The Ghosts’ High Noon!

I plop my just-delivered CD in, hit “play,” and get back to work, nose to the grindstone. A few songs go by and then:

“The ghosts’ high noon”? What a great phrase! What great fantasy lyrics!

I immediately drop my pressing work to track down this howling of wind, moonlit bats, funeral shrouds, black dogs, and spectres on holiday!

(I wonder, could Neil Gaiman have turned his marvelous turn-of-phrases genius to lyric writing?)

It all started with a poem written in Fun magazine.

Fair phantom, come I
The moon’s awake
The owl hoots gaily from its brake,
The blithesome bat’s a-wing
Come, soar to yonder silent clouds
The other teems with peopled shrouds:
We’ll fly the lightsome spectre crowds,
Thou cloudy, clammy thing!

Not Neil Gaiman but Sir William Schwenck Gilbert, of Gilbert & Sullivan fame. “Fair phantom” morphed into “When the night wind howls” in the musical/opera Ruddigore, aka The Witch’s Curse.

[Used with permission. Credit: Moy Williams, from Opera North’s 2010 production of Ruddigore.]

I’m with Ursula Le Guin when she says that the celebration of language in fantasy delights the ear and inspires the heart. So for those who, like me, have never stumbled across “When the night wind howls,” here are the song lyrics. Enjoy!

The Ghosts’ High Noon!

When the night wind howls
In the chimney cowls
And the bat in the moonlight flies,
And inky clouds
Like funeral shrouds
Sail over the midnight skies

When the footpads quail
At the night-bird’s wail
And black dogs bay at the moon,
Then is the spectres’ holiday
Then is the ghosts’ high noon!

Ha! ha!
Then is the ghosts’ high noon!

As the sob of the breeze
Sweeps over the trees
And the mists lie low on the fen
From grey tomb-stones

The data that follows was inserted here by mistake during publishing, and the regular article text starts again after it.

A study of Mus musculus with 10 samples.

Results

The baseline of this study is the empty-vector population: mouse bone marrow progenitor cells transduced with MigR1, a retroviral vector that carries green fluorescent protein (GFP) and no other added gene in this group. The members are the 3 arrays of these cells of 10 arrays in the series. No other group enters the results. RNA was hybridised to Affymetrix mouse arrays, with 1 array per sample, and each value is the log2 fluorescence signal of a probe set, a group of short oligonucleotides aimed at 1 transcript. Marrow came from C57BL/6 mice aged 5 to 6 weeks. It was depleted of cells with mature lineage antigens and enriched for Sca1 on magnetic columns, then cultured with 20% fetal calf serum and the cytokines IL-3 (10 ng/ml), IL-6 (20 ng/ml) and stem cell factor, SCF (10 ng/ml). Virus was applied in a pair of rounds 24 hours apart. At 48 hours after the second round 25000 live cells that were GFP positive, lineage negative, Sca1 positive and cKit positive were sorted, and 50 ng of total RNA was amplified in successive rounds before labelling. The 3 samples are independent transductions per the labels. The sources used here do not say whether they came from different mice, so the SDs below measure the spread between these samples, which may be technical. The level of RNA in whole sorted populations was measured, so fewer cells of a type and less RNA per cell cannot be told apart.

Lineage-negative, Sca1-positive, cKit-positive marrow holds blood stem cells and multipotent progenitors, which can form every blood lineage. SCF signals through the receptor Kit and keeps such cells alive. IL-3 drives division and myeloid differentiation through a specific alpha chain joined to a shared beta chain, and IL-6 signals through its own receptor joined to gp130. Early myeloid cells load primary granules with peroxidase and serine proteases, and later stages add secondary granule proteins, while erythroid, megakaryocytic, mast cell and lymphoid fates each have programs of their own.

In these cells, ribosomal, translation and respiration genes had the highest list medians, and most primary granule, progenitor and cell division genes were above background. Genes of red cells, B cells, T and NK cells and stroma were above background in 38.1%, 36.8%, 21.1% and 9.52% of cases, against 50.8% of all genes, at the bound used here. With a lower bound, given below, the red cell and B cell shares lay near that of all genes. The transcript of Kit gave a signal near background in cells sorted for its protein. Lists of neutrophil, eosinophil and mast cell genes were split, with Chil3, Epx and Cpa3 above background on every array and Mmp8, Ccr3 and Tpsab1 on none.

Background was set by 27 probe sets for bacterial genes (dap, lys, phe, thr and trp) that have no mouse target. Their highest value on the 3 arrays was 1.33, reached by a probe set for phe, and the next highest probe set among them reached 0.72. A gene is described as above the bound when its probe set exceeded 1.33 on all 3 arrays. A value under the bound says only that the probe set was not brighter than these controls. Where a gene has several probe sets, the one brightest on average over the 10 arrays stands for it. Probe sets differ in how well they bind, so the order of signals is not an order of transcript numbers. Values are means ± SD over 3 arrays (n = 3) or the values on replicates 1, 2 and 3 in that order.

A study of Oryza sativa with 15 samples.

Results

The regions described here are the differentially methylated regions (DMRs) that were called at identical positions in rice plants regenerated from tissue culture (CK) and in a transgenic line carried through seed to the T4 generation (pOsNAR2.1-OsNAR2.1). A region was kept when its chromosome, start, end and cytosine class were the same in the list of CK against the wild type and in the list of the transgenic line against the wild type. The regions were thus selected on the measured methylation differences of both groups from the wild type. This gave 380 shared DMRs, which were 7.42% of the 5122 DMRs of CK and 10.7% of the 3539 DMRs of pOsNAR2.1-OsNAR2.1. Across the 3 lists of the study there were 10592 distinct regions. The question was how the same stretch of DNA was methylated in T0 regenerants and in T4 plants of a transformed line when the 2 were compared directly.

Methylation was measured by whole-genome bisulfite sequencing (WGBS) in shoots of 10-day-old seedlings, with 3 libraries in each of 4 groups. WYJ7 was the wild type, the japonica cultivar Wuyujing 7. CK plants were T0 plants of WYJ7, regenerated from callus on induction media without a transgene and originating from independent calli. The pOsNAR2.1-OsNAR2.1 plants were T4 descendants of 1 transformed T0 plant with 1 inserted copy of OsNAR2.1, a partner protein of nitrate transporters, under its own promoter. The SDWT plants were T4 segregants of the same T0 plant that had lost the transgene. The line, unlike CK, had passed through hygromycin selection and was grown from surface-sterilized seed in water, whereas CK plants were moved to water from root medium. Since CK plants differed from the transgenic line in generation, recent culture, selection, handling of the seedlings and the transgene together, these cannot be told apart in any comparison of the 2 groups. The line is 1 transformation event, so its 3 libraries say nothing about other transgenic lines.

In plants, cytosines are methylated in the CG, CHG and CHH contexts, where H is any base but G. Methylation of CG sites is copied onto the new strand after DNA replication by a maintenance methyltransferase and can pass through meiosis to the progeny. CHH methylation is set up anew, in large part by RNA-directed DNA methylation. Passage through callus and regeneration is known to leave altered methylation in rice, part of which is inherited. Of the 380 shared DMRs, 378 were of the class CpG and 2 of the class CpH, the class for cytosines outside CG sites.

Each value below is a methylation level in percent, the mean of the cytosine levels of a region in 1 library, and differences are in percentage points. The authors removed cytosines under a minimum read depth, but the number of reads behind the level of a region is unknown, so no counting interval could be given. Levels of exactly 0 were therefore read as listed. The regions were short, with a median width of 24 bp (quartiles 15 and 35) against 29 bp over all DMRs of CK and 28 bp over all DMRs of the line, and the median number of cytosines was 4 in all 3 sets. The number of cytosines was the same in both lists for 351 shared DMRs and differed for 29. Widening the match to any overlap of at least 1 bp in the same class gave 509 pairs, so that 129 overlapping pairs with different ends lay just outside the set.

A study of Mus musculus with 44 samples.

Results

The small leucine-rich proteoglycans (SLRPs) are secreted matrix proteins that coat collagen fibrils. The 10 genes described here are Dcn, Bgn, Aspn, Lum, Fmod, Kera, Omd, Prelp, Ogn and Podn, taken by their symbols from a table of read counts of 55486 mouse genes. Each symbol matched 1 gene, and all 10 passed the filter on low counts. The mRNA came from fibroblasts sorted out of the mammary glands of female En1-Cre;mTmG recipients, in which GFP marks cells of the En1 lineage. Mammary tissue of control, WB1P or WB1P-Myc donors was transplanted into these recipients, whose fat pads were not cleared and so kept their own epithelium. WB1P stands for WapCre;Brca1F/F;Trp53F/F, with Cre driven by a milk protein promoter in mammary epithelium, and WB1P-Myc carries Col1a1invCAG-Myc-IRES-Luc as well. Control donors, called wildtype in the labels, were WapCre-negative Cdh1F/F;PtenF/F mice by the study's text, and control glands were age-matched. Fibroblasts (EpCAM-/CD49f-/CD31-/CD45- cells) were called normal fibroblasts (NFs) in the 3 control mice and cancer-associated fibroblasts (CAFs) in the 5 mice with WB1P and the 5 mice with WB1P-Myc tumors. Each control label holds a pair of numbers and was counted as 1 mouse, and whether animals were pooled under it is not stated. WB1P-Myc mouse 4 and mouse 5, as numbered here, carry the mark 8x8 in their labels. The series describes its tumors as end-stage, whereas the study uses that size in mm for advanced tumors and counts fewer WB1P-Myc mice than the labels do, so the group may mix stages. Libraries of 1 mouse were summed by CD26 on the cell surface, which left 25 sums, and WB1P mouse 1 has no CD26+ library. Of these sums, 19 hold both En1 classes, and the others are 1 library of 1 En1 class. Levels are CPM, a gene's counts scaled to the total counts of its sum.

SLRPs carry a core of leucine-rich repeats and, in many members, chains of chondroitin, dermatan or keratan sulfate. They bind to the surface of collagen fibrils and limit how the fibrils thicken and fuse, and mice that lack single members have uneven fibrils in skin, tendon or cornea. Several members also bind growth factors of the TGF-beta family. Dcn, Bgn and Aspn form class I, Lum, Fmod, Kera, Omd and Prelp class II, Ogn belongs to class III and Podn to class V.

Are gathered the bones
That once were women and men

And away they go
With a mop and a mow
To the revel that ends too soon
For cockcrow limits our holiday
The dead of the night’s high noon!

Ha! ha!
Then is the ghosts’ high noon!

And then each ghost
With his ladye-toast
To their churchyard beds take flight
With a kiss, perhaps
On her lantern chaps
And a grisly grim “good night”!

Till the welcome knell
Of the midnight bell
Rings forth its jolliest tune
And ushers in our next high holiday
The dead of the night’s high noon!
Ha! ha!
The dead of the night’s high noon!
Ha! ha! ha! ha!

If you’re looking for a great (and rousing) version of “When the night wind howls”…

After searching possible YouTube and online-audio links to post here, I was disappointed to find nothing held a candle to the “Ghosts’ high noon” rendition that had wrenched me from my work. So with no further ado…

Get thee to thy local library and check out Bryn Terfel’s Bad Boys. St. Louis Today(.com)’s take on Bryn is spot on:

Bryn Terfel is a force of nature, a big, even overpowering, man in terms of voice, physique, and personality.

With his huge, dark bass-baritone and menacing physiognomy, Terfel is usually cast as the heavy. That makes this album, a compendium of operatic and quasi-operatic bad chaps, a natural project for a singer who demonstrates just how versatile he is.

He doesn’t just snarl and howl; each individual villain, from the devil himself to the con man Dr. Dulcamara, is sketched out with careful vocal and textual attention to detail.

St. Louis Today notes, “[Terfel] brings an excellent sense of fun to Gilbert & Sullivan, with ‘When the night wind howls,’ from Ruddigore.”

Absolutely! Great fun!

And if you enjoy aria collections (I do, my wife doesn’t), sit back and enjoy dark fantasy sung by a bad, bad boy!


Dr. Kirtland C. Peterson—“Cat” to his friends and colleagues—has Bad Boys on repeat.